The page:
Trillium Book Awards Author Reading 2015

Poets in Profile: Chris Chambers


Chris Chambers, a fixture of the Toronto poetry community, is known for his witty and playful urban-focused poems, chockfull of wordplay, wildlife and city dwellers. His newest collection, Thrillows & Despairos (Wolsak & Wynn), has been eagerly anticipated after the success of his Lake Where No One Swims and Wild Mouse (the latter written with Derek McCormack).

Thrillows & Despairos is filled with urban version of the nature poem, where squirrels face off against Honda Civics, seagulls against gale force winds. In the collection, we watch Toronto dream of itself, crystallized in the powerhouse images we've come to expect from Chris.

So we're excited to speak to Chris about his poetic process as part of our Poets in Profile series, where we talk to Canadian poets about their craft, their reading and how poetry first came into their lives.

Chris tells us how a poem about comic strips was a turning point for him, about his aviary of inspiration for Thrillows and Despairos and the poet as rock star.

Open Book:

Can you describe an experience that you believe contributed to your becoming a poet?

Chris Chambers:

I had all these little bits of writing — short, strange pieces — when I departed my College Creative Writing Class. I was sent off with gentle instructions to not worry about wrapping a form around them; don’t force them into a novel-shaped mould. That was from Stan Dragland who taught the course, was very encouraging and, ten years later, edited my first collection (Lake Where No One Swims).

Soon after leaving college and with a sheaf of fresh “creative writing,” I read this poem in The New Yorker: “Reading the Sunday Comics, 1963,” by Nicholas Christopher, a 4-parter over most of two pages which efficiently and poetically summed up Gasoline Alley, Blondie and two other comic strips from before my time. These beautiful lines, cleverly broken up, describing Dagwood Bumstead’s massive sandwich and wondering how he ever ended up with his gorgeous wife. In The New Yorker. That’s when I first thought maybe my stuff could be poems. A series of pop culture referents helped open the door. But that door was open. So then I immersed myself in poetry and poetics and tried to apply what I was reading to my own stuff. For about 25 years and counting.

A few years later, handing a set of four little broadsheets that I wrote for a Toronto band (a single-sided eight and a half by eleven called The Monday #) handing these to a guy whose little magazine Book City was purchasing on consignment in about 1994. And having the editor/publisher of this magazine, who turned out to be John Degen (poet, novelist, publisher, copyright evangelist and current ED of the Writers’ Union) having him return to the store (the old Book City in the Annex — where I worked the consignment desk) a week or two later to ask if he could publish a poem from the broadsheets in Ink, his little magazine. Making the leap from diy at Kinko’s to being published in Ink was very affirming at the time and has managed to keep me making poems up to now. And meeting and having a friend like Degen — he’s been contributing to me becoming a poet ever since. So that’s cool.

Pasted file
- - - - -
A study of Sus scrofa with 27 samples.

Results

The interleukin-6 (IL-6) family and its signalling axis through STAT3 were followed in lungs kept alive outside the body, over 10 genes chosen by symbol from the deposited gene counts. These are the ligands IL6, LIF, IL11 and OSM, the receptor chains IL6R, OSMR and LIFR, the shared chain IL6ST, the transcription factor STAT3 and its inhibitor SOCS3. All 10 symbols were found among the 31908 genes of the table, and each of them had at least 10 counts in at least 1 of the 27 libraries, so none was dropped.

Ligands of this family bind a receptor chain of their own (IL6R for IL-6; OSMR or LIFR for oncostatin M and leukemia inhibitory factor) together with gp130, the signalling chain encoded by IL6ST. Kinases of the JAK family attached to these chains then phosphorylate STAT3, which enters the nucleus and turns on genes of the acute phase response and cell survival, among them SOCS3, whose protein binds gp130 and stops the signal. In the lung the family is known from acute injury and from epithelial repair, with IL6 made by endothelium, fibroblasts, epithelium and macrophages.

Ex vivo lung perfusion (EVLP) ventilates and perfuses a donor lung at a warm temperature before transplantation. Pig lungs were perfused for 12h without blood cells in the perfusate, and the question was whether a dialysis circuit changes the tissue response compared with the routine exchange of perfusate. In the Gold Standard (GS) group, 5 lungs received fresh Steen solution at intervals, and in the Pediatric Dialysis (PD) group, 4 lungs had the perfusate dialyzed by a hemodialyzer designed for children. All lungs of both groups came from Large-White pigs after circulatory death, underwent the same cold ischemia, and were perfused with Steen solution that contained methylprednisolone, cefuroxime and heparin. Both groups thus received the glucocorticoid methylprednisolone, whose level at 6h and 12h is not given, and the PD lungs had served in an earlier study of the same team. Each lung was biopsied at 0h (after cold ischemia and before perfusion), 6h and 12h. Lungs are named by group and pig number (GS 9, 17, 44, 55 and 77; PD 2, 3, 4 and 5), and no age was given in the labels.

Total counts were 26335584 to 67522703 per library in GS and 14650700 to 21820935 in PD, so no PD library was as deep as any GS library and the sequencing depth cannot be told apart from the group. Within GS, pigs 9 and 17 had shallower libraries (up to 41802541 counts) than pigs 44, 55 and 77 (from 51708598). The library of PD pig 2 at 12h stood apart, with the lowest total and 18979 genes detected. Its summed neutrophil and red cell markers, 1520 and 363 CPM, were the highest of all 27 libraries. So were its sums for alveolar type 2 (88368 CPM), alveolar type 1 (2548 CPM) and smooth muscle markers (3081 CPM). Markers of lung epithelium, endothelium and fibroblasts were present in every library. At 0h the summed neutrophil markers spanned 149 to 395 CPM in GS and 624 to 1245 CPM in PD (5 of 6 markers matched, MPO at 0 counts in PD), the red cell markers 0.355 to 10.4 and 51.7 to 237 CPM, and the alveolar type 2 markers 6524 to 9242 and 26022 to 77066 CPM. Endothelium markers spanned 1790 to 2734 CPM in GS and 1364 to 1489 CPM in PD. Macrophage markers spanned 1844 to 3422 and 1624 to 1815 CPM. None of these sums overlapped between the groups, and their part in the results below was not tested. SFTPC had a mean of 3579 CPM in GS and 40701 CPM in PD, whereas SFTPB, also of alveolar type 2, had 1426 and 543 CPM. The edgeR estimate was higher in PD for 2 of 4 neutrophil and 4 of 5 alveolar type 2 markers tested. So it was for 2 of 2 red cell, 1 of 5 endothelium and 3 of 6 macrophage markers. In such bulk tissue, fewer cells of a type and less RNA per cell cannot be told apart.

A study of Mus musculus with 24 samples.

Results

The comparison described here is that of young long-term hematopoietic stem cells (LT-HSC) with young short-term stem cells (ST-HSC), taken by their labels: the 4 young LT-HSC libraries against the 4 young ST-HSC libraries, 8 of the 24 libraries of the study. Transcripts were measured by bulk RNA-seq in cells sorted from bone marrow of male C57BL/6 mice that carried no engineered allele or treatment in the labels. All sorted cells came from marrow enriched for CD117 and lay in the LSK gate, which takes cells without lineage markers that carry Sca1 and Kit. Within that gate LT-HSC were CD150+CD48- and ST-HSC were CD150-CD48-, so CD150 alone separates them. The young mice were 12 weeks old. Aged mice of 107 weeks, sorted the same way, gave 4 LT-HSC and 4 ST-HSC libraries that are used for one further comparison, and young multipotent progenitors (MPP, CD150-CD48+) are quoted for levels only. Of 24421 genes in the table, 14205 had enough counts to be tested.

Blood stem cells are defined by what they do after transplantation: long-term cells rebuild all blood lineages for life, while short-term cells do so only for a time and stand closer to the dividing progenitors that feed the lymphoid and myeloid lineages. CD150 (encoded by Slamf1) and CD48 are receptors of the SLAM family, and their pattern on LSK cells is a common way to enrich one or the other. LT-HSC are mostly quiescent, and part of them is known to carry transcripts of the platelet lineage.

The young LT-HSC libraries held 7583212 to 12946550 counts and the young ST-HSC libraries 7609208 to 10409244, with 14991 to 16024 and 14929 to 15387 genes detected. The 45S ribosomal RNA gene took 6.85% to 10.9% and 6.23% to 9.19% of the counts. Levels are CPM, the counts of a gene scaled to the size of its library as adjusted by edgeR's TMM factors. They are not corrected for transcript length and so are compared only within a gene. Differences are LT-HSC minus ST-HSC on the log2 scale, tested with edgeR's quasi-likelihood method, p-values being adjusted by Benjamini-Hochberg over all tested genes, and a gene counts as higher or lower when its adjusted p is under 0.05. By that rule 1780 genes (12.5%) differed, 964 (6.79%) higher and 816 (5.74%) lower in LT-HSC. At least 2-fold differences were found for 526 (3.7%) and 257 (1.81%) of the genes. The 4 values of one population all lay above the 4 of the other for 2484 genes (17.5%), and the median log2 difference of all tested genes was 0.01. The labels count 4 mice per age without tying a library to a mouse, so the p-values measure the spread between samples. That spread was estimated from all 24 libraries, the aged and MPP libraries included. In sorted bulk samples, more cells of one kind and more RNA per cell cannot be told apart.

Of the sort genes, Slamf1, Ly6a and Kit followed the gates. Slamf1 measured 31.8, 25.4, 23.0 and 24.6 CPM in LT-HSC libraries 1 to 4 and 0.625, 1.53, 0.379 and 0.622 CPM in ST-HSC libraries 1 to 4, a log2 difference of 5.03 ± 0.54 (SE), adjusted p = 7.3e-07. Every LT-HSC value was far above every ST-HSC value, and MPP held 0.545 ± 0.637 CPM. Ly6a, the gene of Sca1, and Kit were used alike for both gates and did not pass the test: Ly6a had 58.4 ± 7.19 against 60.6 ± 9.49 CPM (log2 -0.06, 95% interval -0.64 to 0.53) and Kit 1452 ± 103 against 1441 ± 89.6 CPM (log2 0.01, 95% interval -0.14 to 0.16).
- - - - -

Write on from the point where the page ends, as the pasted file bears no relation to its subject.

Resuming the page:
OB:

What is the first poem you remember being affected by?

CC:

“Prufrock,” probably, was the first I felt I had any luck unlocking after initial bafflement. With the help of a passionate teacher in my last year of high school. Then “The Return” by Pound, early in first year at Western, having an older friend help me to unlock that one. These two early experiences kept me open and intrigued enough to try more. Many folks sweep it all away and poetry has little or no place whatsoever in their lives. Maybe they never unlocked a decent poem. Perhaps they did and ho hummed.

OB:

What one poem — from any time period — do you wish you had been the one to write?

CC:

“Over 2,000 Illustrations and a Complete Concordance” by Elizabeth Bishop.
“Everything only connected by ‘and’ and ‘and’.”
I write it out from time to time to remind myself I know how to write a great poem.
Also very fond of Loudon Wainwright III’s work on “Dead Skunk”.

OB:

What has been your most unlikely source of inspiration?

CC:

For my latest book, Thrillows & Despairos: pigeons. Definitely pigeons. But also baby crows looking for their voices, light bulb-crazed ladybugs, Steven Malkmus lyrics and texting houseflies, among others.

OB:

What do you do with a poem that just isn't working?

CC:

There was a great answer to this question from Nathan Whitlock who said “cannibalize it for parts.” But I am a very patient fisherman. I’d probably put it aside and come back for another hack six months to six years later.

OB:

What was the last book of poetry you read that really knocked your socks off?

CC:

I really liked Claire Caldwell’s Invasive Species. Looking forward to her next one.

OB:

What is the best thing about being a poet…and what is the worst?

CC:

Insinuating myself back into the Toronto scene these past few years, speaking with a woman at the back of the Monarch Tavern at a book launch who asks what I write, and when I tell her says, “the poets in this town all look like rock stars.” Standing in rooms like this one — in front of a mic on a small stage, or at the back, a part of our little scene — is one of the best things.

The worst? Outside the Monarch Tavern this same night — and every night, of course — to most of the rest of the world it’s only poetry.


Chris Chambers is the author of Lake Where No One Swims and Wild Mouse (with Derek McCormack), which was nominated for the Toronto Book Award. These poems have appeared in Taddle Creek, Jacket, This Magazine, The Literary Review of Canada and were awarded the K. M. Hunter Artist Award.

Check out all the Poets in Profile interviews in our archives.